Just days before the Paris Agreement comes into force, developed countries, led by Australia and the United Kingdom, have delivered a Climate Finance Roadmap to meet the collective goal of mobilising 100 billion USD a year for developing countries by 2020 to tackle climate change. The numbers released in the roadmap reveal the massive work governments have ahead of themselves to close the funding gap.
Hivos welcomes the fact that developed countries want to align efforts to address climate change with achieving the Sustainable Development Goals. However, we are worried that Multilateral Development Banks (MDBs) are being chosen as one of the main vehicles to deliver transformational change. MDBs’ record of accomplishment on focusing their efforts on the poorest has been far from promising. A recent Hivos report, ‘Unlocking climate finance for decentralised energy access’, shows that currently only 3 percent of all climate finance goes to energy access through decentralised renewable energy, which is key to lifting people out of poverty. The research also shows that the majority of energy-related climate finance goes to middle income rather than low-income countries.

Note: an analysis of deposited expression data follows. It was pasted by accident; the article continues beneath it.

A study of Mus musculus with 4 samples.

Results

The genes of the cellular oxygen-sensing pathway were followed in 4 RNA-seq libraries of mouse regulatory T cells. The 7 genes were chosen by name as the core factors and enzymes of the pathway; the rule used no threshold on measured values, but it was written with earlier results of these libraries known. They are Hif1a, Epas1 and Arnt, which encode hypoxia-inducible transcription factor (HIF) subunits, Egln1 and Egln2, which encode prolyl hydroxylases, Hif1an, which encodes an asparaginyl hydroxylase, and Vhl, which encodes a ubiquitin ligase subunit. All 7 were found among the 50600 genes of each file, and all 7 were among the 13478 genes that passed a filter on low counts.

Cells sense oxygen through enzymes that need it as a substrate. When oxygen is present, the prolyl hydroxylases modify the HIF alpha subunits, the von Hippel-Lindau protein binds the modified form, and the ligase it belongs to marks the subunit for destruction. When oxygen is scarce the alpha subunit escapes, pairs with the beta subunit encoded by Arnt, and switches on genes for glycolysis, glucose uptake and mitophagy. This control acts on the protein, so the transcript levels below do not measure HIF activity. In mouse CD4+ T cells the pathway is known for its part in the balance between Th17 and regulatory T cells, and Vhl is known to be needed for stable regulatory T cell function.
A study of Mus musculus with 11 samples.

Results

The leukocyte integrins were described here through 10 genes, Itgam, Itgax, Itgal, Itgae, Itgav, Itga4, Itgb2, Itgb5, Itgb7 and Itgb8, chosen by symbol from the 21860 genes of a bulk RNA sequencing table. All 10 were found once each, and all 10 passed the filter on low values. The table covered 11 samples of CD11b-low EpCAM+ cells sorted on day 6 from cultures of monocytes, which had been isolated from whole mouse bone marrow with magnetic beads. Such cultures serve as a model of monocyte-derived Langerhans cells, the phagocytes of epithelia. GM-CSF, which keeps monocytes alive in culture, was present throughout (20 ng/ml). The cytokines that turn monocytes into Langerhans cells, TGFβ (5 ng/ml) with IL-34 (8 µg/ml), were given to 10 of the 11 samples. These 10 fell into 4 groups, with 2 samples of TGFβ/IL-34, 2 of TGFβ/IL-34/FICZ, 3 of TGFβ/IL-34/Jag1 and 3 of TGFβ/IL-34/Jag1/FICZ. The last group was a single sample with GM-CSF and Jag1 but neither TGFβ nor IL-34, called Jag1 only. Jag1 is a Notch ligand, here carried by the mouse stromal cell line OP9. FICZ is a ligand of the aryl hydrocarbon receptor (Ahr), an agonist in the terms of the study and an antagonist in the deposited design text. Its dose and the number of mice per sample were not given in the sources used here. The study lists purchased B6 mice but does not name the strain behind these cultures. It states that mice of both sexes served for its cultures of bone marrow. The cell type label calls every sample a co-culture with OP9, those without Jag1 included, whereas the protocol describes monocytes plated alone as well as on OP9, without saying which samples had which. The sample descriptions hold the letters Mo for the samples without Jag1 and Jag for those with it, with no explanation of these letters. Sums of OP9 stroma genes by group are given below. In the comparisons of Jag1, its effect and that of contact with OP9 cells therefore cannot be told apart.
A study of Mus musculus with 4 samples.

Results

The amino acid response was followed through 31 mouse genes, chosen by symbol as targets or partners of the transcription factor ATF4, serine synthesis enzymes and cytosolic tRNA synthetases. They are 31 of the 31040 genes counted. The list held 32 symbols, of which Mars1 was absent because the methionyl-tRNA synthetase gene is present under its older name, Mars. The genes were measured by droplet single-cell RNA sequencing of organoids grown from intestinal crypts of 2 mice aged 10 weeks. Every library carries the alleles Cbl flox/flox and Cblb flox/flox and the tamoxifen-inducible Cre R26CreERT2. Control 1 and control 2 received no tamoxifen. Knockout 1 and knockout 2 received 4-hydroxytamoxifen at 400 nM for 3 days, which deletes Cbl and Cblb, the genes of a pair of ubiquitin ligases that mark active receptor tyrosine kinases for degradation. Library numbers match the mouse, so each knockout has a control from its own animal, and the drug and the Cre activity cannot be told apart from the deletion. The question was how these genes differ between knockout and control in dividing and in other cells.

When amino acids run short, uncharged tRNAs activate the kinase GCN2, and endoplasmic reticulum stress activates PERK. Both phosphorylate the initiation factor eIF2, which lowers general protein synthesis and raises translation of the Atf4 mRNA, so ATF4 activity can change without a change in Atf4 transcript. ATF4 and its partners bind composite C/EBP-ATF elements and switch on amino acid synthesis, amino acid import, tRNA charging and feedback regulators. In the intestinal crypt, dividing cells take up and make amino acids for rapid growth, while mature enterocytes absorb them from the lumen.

If governments are serious about changing the quality of finance to create transformational change, MDBs will have to come up with new ways to prioritise solutions such as decentralised renewable energy that deliver on climate change mitigation, create resilience and make a real difference to people’s lives.
The numbers in the roadmap also need a closer look. Firstly, the estimates in the roadmap assume there will be massive private sector contributions far beyond business as usual. They are also based on numbers by some governments that use their development aid to count towards climate finance, which blurs the line between what is new and additional funding.
Secondly, many governments have still failed to make strong commitments up through 2020. The Dutch government, for example, has only communicated its pledge for 2017. Governments should follow the example set by the French and Germans and commit to a 2020 climate finance target. This would provide developing countries with clarity on the financial support they can count on in order to integrate ambitious action into their development planning and implementation.